Fall semester school obligations have begun. Parents of students in general ed have probably had their 15 minute one-on-one meeting with the teacher. For the rest of us, we are preparing for upcoming ARD meetings. ARD stands for Admission, Review and Dismissal. For my son, I am at the review stage of the ARD process. We have an individualized education program (“IEP”) in place from the last school year. The IEP is a contract and all the services described in the IEP must be provided by the school district.
In my situation, at the next ARD meeting, there will be a review of the prior IEP terms and suggested revisions based on my son’s new education needs. One example of what will probably be discussed is the reduction of support. Some members of the ARD committee have informally signaled to me that they will be requesting less paraprofessional in-class support time for my son during his inclusion in his general education classes. When I first heard of this potential change, I was frightened.
Parents involved in the ARD process may suffer an emotional toll. In my situation, I have a concern that once I agree to reduce in-class support, my son may never get the support back when he really needs it. In contrast, I do want my son to gain independence and have an opportunity to blossom without the support of a SpEd professional. Will my decision short-change my son’s educational experience? To make an informed decision, pre-ARD actions need to be taken. I will review my son’s daily reports, his classwork and homework grades, and interview the special ed professionals that observe him in the general ed classroom.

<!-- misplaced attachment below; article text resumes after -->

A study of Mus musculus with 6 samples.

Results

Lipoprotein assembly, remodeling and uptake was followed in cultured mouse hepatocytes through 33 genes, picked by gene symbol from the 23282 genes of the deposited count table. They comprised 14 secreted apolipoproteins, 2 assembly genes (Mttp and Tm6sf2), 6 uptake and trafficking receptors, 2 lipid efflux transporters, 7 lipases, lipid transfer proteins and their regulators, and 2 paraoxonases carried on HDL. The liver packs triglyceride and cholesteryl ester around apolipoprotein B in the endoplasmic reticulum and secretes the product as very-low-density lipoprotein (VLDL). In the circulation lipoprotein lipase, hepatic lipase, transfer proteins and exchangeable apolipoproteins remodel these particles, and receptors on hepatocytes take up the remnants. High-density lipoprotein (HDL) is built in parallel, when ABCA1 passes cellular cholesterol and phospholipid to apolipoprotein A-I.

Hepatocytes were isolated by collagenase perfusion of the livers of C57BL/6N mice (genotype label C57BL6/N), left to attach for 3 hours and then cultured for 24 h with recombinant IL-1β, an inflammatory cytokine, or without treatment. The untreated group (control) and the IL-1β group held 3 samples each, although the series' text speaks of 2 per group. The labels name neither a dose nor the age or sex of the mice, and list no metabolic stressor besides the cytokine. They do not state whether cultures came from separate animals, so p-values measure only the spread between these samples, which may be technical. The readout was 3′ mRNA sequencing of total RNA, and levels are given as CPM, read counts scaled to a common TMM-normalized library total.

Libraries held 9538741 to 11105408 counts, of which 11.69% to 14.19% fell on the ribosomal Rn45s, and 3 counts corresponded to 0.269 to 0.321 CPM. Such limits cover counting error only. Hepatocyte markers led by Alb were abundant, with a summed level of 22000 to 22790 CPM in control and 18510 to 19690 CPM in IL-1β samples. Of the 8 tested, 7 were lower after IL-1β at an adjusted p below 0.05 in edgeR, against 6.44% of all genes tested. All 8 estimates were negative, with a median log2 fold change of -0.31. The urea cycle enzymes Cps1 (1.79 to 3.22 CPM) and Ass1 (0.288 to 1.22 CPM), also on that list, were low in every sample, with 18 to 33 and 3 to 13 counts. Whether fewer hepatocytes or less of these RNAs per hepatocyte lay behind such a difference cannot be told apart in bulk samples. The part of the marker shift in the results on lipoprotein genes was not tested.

As my son’s advocate, preparation for the ARD meeting is time-consuming and sometimes frustrating. To assist with organization aspect of the preparation, I will update my IEP binder with daily reports, progress reports, copies of communications with the school, therapist and doctor reports, and previous IEPs. For those of you who are preparing an IEP binder, if you discover that you are missing school records, give your school a written request for the records, as you are allowed under Family Educational Rights and Privacy Act (“FERPA”). The IEP binder will help you decide on IEP goals and provide you with evidence to support your arguments during the ARD meeting, if needed.
Being a present and contributing member of the ARD team can be hard work, but your child will need your involvement to get the most out of his or her public school experience.